Smooth Animations With React and Framer Motion
Frame Motion is an open source React library to power production-ready animations
What is Framer Motion?
Framer Motion is the successor to the Pose animation library. Like Pose, it provides a declarative API to power animations and gestures in your React app. Motion attempts to make the API both simpler for the simplest cases and more flexible to handle advanced cases.
Framer Motion is particularly powerful because it solves another huge problem in design: The handoff.
Designers often spend days perfecting animations down to the last spring, only to find that the finer details get lost during development. By using the same animation library in prototyping and production, you’re now guaranteed a truer and more efficient way to ensure your animations are always one-to-one.
Note: Framer Motion requires version React 16.8 or greater.
framer-motion from npm.
npm install framer-motion
Once installed, you can import Motion into your components via
We can replace regular divs with the
motion.div elements. Using the motion elements gives us access to many properties we can use to animate.
Let’s take this super simple React and Framer Motion component. When the component mounts, it will rotate 360 degrees in two seconds.
animate property can accept an object of values. When one of them changes, the
motion component will automatically animate to the new state.
Let’s take the pop example, where our element will “pop” in once the component mounts.
Notice how we specify what happens with the element inside the
animate property. This is where we give instructions on how to animate. The
transition property is where we tell the duration of the animation.
We can even specify multiple values for each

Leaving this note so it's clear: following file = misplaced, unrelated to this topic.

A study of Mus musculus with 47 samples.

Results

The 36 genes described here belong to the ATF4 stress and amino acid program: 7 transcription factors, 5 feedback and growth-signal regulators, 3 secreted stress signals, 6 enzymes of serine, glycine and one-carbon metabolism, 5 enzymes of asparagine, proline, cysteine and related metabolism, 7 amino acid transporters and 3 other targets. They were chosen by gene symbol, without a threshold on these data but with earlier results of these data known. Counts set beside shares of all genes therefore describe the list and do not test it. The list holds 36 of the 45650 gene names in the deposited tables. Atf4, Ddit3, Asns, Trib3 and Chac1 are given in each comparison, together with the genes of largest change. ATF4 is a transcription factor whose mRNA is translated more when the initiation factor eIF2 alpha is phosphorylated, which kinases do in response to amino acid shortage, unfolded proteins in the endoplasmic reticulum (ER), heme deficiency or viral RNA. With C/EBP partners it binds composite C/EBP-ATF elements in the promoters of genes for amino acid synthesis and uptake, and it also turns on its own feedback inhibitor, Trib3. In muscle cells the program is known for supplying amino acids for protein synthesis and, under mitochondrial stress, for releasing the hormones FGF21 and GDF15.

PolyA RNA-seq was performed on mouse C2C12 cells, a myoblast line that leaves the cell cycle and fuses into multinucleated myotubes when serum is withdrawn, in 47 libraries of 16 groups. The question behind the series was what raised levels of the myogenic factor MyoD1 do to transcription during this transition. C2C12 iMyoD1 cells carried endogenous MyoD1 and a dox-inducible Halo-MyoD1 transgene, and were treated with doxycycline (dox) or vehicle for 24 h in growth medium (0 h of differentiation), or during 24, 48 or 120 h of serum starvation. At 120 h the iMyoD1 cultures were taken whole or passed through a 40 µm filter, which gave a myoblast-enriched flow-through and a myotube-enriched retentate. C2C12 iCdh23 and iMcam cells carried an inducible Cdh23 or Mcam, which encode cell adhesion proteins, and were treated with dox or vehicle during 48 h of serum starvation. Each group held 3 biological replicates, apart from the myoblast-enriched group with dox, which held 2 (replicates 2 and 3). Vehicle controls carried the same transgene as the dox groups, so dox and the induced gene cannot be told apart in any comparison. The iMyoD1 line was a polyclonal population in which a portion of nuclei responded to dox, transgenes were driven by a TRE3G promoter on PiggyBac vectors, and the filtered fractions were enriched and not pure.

animate properties, and styles by passing the values as an array. This gives us the option to combine the “pop” and rotate animation into one animation.
whileTap helper props that will temporarily animate a component to a visual state while a gesture is active.
Notice how simple it is to animate elements. Now that we have learned the basics of Framer Motion, let’s jump into a more complicated example.
Most toggles have two states: either they’re on or off,
false . Let’s create a toggle component that turns off or on, depending on its current state.
The key point to take away here is the
variant prop on our motion element. Variants let us define multiple states for our animations.
Variants are pre-defined visual states that a component can be in. By giving a component and its children
variants with matching names, whole React trees can be animated by changing a single prop.
By using variants, a parent can easily orchestrate the animations of its children with special
transition props like
Variants can also be dynamic functions that return different props based on data passed to each component’s
Note: Notice how we’re using hooks. If hooks are new to you, check out this article.
Where to go Next
Check out the full list of properties, custom hooks, and cool animations you can do with Framer Motion. It’s an animation library well worth learning, and it will boost your app visuals by a huge margin.
Here’s the source code and the code sandbox if you want to try playing around with Framer Motion.